The World Cannot Counter Iran Regime Without Embracing Resistance

By Staff Writer

Next week, Poland will host an international summit on achieving peace in the Middle East, jointly with the US, where Iran will be a major focus.

US Secretary of State Mike Pompeo initially wanted to use the event as an opportunity to encourage other nations to join the US in putting pressure on Iran to act “like a normal country” and while he has since toned down the rhetoric, the threat that Iran poses to Mid-East peace has not gone away, so the need to focus on them hasn’t either. After all, Iran’s fingerprints can be found in nearly all of the crises across the Middle East and many of these crises will topics of discussion at the conference, like Syria, where Iran-backed militants are propping up the Bashar Assad regime, and Yemen, where Iranian support for Houthi rebels is derailing peace talks.

However, Lord Ken Maginnis of Drumglass, warns that despite widespread international recognition of the Iranian Regime’s malign behaviour, few countries are willing to look at the Regime’s horrendous mistreatment of its own people, which is a dangerous oversight.

Maginnis wrote: “If the international community hopes to fully address the regional problems associated with the Iranian regime, it must begin with an understanding of the dire conditions inside that country.”

The Iranian people’s uprising against the mullahs began in December 2017 and has continued unabated, despite a vicious crackdown by the Regime that saw dozens killed and thousands arrested. They made clear that they wanted regime change and implored the rest of the world to help them by ending the appeasement of the mullahs. This is something that the US took up with great concern, seeing it as imperative that they support the people of Iran as well as constrain the Regime’s regional influence.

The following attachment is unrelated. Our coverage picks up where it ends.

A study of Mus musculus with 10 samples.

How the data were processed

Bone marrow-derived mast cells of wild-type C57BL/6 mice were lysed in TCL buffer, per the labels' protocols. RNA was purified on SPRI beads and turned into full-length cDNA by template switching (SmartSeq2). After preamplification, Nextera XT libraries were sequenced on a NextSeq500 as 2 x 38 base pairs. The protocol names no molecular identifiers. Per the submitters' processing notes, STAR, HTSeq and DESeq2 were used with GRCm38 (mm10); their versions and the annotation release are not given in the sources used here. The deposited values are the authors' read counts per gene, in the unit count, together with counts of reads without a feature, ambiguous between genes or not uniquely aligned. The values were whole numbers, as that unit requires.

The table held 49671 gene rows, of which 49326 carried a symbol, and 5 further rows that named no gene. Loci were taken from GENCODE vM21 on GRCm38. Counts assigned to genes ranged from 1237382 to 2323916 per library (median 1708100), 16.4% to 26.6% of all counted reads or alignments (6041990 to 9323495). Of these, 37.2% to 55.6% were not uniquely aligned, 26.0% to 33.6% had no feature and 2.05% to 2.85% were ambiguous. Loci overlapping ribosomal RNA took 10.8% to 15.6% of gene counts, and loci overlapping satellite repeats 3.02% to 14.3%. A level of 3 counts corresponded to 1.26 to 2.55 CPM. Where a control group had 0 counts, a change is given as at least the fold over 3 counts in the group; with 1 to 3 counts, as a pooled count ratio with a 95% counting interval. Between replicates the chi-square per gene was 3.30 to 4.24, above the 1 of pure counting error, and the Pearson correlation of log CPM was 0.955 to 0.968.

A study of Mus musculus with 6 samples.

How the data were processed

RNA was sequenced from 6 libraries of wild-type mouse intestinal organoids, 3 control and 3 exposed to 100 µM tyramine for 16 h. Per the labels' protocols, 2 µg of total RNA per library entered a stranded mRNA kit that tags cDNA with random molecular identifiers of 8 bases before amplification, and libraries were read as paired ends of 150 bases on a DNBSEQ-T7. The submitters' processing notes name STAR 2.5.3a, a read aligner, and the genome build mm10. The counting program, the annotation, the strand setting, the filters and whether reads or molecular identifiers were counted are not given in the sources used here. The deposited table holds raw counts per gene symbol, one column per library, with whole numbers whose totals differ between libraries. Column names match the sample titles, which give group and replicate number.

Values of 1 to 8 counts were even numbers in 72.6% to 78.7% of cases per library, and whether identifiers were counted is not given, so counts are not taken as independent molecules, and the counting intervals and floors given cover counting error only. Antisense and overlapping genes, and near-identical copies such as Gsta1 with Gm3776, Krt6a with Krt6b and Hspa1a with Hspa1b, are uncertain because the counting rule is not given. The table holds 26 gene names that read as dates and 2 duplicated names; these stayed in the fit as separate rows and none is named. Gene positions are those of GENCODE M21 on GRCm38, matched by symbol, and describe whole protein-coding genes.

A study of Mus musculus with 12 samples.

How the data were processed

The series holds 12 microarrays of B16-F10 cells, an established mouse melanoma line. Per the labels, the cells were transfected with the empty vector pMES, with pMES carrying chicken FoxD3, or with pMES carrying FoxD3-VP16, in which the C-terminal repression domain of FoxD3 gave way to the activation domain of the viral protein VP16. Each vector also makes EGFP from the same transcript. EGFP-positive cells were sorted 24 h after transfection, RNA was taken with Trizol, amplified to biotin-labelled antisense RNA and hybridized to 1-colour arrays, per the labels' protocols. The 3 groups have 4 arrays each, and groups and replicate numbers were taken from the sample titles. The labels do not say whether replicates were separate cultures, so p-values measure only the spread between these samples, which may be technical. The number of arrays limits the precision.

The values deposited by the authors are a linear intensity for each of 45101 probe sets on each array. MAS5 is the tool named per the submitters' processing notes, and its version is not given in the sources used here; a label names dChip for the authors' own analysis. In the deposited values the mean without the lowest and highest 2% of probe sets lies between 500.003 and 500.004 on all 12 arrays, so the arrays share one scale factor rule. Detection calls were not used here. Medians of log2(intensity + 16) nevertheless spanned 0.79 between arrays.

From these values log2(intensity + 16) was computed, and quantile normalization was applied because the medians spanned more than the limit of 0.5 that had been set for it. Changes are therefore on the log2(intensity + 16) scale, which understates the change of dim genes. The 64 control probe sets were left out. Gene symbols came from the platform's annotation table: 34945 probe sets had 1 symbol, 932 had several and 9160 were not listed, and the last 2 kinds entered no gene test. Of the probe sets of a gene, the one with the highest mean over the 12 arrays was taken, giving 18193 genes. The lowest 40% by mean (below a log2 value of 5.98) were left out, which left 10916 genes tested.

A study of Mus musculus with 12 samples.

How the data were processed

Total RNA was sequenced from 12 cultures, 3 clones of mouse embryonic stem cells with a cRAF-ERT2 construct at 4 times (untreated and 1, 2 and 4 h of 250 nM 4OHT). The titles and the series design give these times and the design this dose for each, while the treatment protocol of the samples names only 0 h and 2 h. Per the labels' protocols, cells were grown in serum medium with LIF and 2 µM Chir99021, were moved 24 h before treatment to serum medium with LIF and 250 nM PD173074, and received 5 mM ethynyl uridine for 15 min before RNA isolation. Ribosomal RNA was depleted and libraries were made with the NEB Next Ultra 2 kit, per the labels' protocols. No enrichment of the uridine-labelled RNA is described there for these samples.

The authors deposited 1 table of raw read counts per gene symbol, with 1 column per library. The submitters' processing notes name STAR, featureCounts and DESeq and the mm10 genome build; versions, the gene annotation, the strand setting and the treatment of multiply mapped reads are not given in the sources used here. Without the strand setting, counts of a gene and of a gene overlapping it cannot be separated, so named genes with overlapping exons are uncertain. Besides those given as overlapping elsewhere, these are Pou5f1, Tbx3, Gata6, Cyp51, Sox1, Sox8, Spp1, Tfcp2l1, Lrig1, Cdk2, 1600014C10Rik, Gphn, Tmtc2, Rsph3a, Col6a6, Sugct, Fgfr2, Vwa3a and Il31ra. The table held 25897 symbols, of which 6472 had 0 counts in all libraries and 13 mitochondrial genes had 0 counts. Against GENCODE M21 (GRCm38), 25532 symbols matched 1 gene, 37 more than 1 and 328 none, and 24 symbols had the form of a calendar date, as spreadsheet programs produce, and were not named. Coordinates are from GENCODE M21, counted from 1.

Members of the Iranian Diaspora and supporters of the National Council of Resistance of Iran will gather in Paris on Friday to show solidarity with Iran’s domestic protest movement, highlight the dangers faced by activists in Iran, and bring the crisis to the attention of international policymakers. They must be listened to.

Maginnis wrote: “It is clear that the Iranian regime now feels its power slipping away in the face of those protests, the effectiveness of which is amplified by rising levels of international pressure, spearheaded by the White House. But the protest movement cannot stand still and will be in grave danger if that trend does not continue to accelerate.”

He warned that if the international community refuses to listen, then Iran may feel emboldened to execute the thousands of political prisoners that it arrested in the last year alone, so all Western allies must adopt an assertive policy towards Iran. This could safeguard the protesters and expand the call for a free and democratic Iran.

Maginnis wrote: “If the US and Western allies are truly committed to turning Iran from the world’s leading state-sponsor of terrorism into a normal democratic country, there can be no room for equivocation. In essence, the Warsaw conference alone cannot succeed without meaningful support for the ordinary people of Iran – not least as articulated by Iranian Resistance.”